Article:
It’s a British idiomatic phrase.
Quite a few folks think I’m mildly mad for taking my road bike, with 23mm tires, on various dirt lanes nearby. Perhaps, but I’m retired, dammit, and I’ll do what I want, as long as it’s reasonably safe. My bike handling skills are adequate enough to ensure the safety margin, so I’m willing to try what others will not.
Just before we started from the Coffee Station in San Miguel, while I was sipping my pre-ride decaf Americano, I told Kelly Work (the soon-to-be-ex-owner) that I planned to ride Cross Country Road from Indian Valley Road over the ridge to Vineyard Canyon Road. She too expressed the opinion that the idea was bit daft. But she rides horses, not bikes, and so has a very different perspective of what is needed to traverse a scenic dirt lane.
But Cross Country Road comes a bit later in the tale today. Let’s start at the start. The advertised ride was a loop starting in San Miguel and heading north along US101 to Hare Canyon Road, climb over the ridge to Indian Valley Road, then descend Indian Valley Road back to San Miguel, like so – http://ridewithgps.com/routes/7020357.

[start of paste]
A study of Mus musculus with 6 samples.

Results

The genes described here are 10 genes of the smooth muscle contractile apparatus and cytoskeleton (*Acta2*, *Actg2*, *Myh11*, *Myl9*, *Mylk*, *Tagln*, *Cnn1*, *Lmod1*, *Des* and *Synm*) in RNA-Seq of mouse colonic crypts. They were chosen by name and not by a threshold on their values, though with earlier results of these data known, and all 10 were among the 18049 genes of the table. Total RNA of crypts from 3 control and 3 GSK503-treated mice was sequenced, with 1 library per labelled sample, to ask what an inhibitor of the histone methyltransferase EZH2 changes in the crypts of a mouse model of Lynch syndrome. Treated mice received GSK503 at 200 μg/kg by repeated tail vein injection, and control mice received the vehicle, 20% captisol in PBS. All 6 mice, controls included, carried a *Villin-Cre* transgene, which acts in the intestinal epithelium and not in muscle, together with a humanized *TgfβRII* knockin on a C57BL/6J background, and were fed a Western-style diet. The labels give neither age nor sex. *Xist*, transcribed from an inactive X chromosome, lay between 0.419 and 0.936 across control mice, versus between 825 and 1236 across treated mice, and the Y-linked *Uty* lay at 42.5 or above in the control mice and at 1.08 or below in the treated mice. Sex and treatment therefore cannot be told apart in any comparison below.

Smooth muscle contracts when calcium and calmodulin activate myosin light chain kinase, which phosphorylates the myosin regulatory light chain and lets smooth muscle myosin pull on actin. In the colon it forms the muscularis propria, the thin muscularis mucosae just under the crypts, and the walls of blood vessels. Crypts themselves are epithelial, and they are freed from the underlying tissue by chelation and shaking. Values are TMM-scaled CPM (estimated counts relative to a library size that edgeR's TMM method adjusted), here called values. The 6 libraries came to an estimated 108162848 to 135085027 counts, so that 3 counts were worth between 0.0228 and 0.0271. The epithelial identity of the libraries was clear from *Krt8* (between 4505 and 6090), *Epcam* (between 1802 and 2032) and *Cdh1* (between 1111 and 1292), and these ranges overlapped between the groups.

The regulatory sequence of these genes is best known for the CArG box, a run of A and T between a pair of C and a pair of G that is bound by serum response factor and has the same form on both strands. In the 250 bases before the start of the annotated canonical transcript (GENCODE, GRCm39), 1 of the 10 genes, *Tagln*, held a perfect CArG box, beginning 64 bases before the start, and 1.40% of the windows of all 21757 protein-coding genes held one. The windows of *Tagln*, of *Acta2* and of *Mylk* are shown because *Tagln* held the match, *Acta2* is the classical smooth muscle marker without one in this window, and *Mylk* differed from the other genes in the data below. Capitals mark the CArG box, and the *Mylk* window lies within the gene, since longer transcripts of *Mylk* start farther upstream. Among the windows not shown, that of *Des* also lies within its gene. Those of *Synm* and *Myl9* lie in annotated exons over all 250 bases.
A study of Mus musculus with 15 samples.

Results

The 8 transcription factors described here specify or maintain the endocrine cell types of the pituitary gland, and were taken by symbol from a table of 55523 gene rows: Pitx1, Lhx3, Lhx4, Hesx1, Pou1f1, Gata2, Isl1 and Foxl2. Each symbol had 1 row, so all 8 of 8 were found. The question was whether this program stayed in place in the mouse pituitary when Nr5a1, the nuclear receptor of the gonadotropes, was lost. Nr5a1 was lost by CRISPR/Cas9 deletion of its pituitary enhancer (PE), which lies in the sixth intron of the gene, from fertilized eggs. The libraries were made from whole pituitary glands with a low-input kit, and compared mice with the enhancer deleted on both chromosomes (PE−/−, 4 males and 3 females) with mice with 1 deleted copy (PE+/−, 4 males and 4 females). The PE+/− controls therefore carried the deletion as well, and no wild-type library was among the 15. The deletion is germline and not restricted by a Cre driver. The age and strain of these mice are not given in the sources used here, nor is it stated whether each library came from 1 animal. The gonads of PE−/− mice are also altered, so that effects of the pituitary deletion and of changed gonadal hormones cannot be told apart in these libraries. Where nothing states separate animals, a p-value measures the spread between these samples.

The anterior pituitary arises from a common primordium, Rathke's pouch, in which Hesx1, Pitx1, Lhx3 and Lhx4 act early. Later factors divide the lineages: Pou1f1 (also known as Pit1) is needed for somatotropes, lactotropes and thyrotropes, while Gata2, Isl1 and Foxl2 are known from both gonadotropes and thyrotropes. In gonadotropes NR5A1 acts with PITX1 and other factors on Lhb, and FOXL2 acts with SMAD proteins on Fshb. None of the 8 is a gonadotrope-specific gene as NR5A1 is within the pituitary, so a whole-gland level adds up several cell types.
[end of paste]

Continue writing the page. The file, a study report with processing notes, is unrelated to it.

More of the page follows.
We met at the Coffee Station, completed our bike and kit prep, then rolled north on Mission Street until it merges onto US101. A few miles farther north we exited onto Bradley Road amidst the Camp Roberts facility of the California National Guard. Bradley Road took us across the Salinas River and on to the intersection with Hare Canyon Road descending from the hills.
The Hare Canyon climb is steady, but not too steep. Only at the very top for a short stretch does it make you grunt and maybe stand a bit. The far side, descending to Indian Valley Road, is much steeper, but also shorter.
Along Indian Valley Road we found some attractive horses and ponies, as well as what appeared to be yaks. Whatever they are, they certainly are hairy beasts.
Larry Allen and I planned ahead of time to tack on Cross Country Road from Indian Valley,
over another ridge, and down to Vineyard Canyon Road, like so – http://ridewithgps.com/routes/7125240. We seem to have similar tastes for cycling adventure. Cross Country Road is paved for a bit, then becomes dirt and gravel for most of its length up over the ridge and back down to Vineyard Canyon Road. The entire traverse of the road presented us with bucolic beauty and a pretty decent riding surface.
Lovely, just lovely. Not a problem at all on my road bike. I’ve ridden much more difficult dirt on this same bike, for instance, descending rutted Kiler Canyon Road from high in the hills west of Paso Robles. By the time we got to Vineyard Canyon Road we were back on pavement and flew down the valley back to San Miguel. Our pals who had stayed on the Indian Valley descent were still relaxing at the Coffee Station, so we were able to regale them with tales of sprinting away from mountain lions and brown bears.